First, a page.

When facing sentencing for a second offense DUI charge in Washington, DC there are a variety of factors that come into play. Below, a DC DUI lawyer discusses a few of these factors and why they have an impact on sentencing overall. For more information on what you can do to help your case, call and schedule a consultation with an experienced attorney today.

Addiction Treatment in DC Second Offense DUI Cases

Some of the most important factors that come into play during sentencing for a second time DUI offense include any treatment that a defendant has been receiving for alcohol addiction, drug addiction, prescription drug addiction, and any mental health treatment to treat any addiction problems that he or she may have.

Judges want to know what kind of steps a person has made to address any underlying alcohol or drug problems that have resulted in them being charged with a DUI more than once. Seeking out treatment for alcohol or drug addiction is never seen as an admission of guilt by a judge. The judge will see that as a positive step that a person has made towards resolving any underlying problems that have caused a person to be charged more than once with DUI.

Whether Someone Has Taken Responsibility

Another factor that a judge can take into account when deciding what sentence is appropriate in a second offense DUI case includes whether a person has accepted responsibility for the DUI, as opposed to taking the case to a trial. While acceptance of responsibility cannot get a second offender below the mandatory minimum level of jail time, it can be a strong factor in convincing a judge that just the mandatory minimum level of jail time is appropriate, as opposed to any more severe penalties such as higher jail time, longer probation, or stricter conditions of probation.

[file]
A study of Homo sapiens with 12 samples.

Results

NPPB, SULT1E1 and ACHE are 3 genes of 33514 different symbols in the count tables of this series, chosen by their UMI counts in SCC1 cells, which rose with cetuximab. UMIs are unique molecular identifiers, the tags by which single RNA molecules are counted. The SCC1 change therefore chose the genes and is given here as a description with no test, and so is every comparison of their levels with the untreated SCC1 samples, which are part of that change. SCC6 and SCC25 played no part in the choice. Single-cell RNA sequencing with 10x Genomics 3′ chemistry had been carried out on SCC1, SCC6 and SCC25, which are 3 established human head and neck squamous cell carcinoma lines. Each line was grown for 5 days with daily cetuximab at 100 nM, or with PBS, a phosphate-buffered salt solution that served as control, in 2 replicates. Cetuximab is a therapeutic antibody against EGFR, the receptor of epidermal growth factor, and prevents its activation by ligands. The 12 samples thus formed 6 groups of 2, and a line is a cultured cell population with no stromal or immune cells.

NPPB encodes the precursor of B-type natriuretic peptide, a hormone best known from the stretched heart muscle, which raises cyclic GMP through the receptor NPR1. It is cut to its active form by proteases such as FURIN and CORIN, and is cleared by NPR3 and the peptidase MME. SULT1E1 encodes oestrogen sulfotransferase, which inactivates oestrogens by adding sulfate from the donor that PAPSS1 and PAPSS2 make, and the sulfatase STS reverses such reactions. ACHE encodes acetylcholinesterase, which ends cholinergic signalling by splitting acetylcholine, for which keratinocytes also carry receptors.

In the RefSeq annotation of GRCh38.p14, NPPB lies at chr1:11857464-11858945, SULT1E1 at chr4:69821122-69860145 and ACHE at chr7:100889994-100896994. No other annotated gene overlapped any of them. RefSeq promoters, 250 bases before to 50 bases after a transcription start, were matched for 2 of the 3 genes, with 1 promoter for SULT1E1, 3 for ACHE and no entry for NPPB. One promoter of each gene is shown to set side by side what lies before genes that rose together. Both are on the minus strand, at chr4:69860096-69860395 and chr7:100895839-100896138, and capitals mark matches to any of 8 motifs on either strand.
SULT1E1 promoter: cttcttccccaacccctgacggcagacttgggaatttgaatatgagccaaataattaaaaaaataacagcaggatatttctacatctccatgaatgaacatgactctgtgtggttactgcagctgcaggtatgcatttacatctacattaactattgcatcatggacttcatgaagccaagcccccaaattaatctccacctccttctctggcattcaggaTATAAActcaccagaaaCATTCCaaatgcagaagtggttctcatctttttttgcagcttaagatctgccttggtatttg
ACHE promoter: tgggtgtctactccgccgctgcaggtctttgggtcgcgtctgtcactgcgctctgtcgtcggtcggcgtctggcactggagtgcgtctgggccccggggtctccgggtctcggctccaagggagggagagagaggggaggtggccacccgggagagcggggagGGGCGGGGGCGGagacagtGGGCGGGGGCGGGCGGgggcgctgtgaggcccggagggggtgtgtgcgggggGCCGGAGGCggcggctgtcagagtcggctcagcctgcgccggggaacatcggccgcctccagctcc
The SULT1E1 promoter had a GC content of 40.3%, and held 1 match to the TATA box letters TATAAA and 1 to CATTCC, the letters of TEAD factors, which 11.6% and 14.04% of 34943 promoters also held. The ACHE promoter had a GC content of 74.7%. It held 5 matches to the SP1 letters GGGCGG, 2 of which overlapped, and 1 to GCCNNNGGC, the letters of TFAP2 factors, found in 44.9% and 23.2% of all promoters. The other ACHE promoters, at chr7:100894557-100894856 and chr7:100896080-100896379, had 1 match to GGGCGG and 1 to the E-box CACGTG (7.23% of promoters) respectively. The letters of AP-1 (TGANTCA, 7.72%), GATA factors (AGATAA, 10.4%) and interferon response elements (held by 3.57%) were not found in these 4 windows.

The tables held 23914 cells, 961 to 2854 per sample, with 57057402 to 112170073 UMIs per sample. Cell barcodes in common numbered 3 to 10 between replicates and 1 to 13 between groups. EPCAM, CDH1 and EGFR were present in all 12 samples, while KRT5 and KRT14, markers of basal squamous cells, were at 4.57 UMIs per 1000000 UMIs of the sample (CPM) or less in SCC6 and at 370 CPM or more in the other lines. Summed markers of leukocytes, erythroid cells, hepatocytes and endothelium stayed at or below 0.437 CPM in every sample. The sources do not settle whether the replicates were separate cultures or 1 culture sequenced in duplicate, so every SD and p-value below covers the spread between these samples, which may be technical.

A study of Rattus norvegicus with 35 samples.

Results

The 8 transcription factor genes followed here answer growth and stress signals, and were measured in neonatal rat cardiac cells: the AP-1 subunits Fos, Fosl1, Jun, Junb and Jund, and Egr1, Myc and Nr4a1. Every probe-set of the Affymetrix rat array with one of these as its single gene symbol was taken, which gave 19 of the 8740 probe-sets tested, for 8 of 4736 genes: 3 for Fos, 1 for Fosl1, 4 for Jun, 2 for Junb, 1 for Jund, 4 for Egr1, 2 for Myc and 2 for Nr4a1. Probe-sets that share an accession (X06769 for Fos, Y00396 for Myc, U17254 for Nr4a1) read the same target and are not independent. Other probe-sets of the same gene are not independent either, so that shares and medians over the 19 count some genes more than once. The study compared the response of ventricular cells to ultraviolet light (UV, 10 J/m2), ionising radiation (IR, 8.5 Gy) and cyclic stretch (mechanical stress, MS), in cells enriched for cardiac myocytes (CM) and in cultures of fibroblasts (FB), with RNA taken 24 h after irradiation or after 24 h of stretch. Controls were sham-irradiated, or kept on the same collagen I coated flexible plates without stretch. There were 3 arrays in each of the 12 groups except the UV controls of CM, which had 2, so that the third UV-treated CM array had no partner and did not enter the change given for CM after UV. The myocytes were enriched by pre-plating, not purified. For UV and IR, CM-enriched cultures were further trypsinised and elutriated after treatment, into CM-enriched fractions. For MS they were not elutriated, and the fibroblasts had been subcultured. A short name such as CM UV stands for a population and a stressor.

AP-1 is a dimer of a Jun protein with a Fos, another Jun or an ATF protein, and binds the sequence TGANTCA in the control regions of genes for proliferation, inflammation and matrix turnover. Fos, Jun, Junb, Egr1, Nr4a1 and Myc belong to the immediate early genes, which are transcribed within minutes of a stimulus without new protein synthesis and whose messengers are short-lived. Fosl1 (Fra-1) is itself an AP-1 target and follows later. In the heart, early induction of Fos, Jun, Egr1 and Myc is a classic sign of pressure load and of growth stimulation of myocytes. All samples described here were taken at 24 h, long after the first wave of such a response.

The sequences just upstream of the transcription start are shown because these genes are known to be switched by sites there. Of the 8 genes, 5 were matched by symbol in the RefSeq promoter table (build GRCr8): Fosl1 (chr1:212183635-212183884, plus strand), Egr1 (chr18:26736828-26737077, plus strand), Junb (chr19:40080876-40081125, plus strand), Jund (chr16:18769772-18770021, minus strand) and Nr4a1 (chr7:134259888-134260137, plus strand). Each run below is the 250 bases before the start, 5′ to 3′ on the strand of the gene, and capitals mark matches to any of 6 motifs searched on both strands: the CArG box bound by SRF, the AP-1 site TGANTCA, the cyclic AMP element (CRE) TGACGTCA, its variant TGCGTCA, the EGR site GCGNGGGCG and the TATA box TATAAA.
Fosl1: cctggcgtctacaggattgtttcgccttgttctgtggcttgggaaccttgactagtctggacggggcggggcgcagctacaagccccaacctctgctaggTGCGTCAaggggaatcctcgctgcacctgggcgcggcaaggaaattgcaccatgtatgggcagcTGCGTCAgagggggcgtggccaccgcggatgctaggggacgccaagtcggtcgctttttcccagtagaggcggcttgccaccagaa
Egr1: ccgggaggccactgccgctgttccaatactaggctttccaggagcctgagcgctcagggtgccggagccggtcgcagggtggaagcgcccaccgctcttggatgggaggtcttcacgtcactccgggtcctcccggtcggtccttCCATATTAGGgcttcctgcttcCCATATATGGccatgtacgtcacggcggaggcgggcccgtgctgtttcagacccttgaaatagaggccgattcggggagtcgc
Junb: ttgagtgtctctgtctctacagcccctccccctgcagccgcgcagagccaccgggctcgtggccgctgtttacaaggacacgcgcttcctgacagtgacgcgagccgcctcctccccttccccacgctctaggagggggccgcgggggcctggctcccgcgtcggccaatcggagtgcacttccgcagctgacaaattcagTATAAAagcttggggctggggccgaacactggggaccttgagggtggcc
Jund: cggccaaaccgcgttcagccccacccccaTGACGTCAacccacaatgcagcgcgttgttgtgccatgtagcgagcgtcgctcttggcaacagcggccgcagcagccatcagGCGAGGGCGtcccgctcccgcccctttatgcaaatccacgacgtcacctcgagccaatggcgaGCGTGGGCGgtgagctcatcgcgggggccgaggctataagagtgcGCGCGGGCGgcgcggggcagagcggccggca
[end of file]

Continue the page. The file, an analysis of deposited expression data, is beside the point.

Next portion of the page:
Seriousness of The Case

A judge will consider the seriousness of the case. For example, was the person driving in an excessively dangerous manner? Was there an accident that resulted in injuries? Was the person’s blood alcohol content high enough for the judge to feel that there is a serious threat to the community? Or by contrast, were there mitigating factors such as an attempt to pull the car over to the side of the road at the point when a driver felt and recognized that they were not in any position to be able to drive. That kind of attempt to mitigate any danger to the community can also be seen as a favorable factor when a judge considers a person’s sentence.

Once again, these factors can’t be used to get a person below their mandatory minimum, but they can be used to consider whether anything higher than the mandatory minimum is or is not appropriate.